England's Cumbrian cricket captain Ben Stokes said it was an "honour" to take to the field in memory of Queen Elizabeth II.

Stokes led the England Test side onto the pitch on a poignant morning at The Oval today.

The Cockermouth star had previously spoken of his wish to "play in her memory".

And he got his wish as it was agreed that the Test against South Africa would go ahead in London.

Stokes, speaking before the game, said: "We are honoured to be able to walk out on the field today in memory of the Queen.

"We know how much the Queen loved sport, and the show must go on."

Stokes led the England players onto the field in silence as the crowd at the Oval also fell quiet.

Wearing black armbands, they walked through a military guard of honour before the crowd was told, over the public address system, of the Queen and the late Duke of Edinburgh's long history of supporting cricket.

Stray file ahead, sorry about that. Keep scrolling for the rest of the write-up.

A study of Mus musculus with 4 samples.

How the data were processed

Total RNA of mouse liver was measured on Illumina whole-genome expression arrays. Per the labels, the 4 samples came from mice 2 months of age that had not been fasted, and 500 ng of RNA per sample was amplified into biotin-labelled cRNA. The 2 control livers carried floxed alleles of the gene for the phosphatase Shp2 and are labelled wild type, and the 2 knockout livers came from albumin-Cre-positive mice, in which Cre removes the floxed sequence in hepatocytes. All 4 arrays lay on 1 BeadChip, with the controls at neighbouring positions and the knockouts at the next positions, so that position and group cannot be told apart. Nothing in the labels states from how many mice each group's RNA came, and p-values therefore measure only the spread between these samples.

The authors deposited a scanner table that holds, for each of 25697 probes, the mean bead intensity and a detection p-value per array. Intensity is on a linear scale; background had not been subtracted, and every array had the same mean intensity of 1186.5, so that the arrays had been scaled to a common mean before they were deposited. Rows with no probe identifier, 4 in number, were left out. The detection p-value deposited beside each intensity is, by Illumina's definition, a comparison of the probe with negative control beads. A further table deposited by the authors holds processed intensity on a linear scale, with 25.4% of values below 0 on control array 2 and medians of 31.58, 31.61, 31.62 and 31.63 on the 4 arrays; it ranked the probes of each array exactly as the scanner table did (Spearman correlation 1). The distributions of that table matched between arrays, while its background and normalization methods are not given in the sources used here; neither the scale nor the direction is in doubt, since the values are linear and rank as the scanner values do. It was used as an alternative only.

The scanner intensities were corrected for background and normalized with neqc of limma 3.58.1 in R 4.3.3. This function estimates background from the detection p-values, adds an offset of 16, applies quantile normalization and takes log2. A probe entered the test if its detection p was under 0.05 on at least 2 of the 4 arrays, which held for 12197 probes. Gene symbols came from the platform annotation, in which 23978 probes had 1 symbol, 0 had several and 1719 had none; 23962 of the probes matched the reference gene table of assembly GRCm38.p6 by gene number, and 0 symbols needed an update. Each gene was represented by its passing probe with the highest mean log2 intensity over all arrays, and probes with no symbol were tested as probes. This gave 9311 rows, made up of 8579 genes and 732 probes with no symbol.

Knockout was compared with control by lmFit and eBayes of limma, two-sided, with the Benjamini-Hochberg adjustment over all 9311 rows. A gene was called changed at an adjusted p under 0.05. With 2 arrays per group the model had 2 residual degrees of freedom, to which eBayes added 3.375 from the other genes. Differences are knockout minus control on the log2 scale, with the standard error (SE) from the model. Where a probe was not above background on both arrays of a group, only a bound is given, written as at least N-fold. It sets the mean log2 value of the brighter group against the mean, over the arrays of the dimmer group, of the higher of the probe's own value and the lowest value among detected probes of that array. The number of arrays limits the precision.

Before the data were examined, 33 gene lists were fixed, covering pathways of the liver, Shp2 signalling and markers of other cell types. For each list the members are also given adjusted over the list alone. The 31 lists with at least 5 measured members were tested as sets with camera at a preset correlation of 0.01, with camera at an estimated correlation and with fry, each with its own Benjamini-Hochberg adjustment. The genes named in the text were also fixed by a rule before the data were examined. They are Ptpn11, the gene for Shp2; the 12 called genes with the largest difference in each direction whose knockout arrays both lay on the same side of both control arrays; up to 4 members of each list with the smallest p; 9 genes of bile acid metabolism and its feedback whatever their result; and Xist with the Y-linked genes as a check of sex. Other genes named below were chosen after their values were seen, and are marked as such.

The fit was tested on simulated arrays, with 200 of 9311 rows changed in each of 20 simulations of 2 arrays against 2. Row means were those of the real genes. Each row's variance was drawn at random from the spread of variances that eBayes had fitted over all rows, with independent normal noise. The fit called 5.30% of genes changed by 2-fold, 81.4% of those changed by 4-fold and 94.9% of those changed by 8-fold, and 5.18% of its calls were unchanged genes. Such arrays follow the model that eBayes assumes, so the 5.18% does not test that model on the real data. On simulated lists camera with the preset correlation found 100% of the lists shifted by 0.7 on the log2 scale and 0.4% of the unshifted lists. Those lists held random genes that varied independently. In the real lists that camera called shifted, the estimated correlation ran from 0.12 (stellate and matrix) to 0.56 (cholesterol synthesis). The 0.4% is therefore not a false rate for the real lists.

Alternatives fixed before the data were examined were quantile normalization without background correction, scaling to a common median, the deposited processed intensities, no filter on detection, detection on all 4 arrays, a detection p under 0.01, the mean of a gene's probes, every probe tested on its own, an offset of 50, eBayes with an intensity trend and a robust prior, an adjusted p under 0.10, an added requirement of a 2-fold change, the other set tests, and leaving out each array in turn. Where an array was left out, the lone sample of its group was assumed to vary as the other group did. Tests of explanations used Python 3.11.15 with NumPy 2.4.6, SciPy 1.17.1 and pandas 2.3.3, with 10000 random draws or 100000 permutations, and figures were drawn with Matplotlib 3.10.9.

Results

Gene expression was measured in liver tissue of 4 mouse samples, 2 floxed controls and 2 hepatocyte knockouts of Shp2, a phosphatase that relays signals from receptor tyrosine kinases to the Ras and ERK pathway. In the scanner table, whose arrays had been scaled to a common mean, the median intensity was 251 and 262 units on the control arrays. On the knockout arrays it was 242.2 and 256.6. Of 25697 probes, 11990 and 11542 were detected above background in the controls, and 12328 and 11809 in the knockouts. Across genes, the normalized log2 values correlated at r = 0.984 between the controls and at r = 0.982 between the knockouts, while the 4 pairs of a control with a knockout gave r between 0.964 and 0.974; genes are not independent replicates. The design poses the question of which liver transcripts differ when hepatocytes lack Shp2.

Mention was made of Elizabeth II's "immense contribution" to the nation, Commonwealth and around the world.

After an impeccably-observed minute's silence, the national anthem of South Africa was played.

That was followed by an emotional rendition of God Save The King - on the morning King Charles III was being formally sworn in as the new monarch.

Stokes, speaking on BBC's Test Match Special before play, added: "It’s obviously been a sad couple of days not only for us but the whole nation and the world as well.

"It’s great to be stood here knowing that we’re going to be playing this game, not just for us but in memory of the Queen, so it’s a very special occasion for us."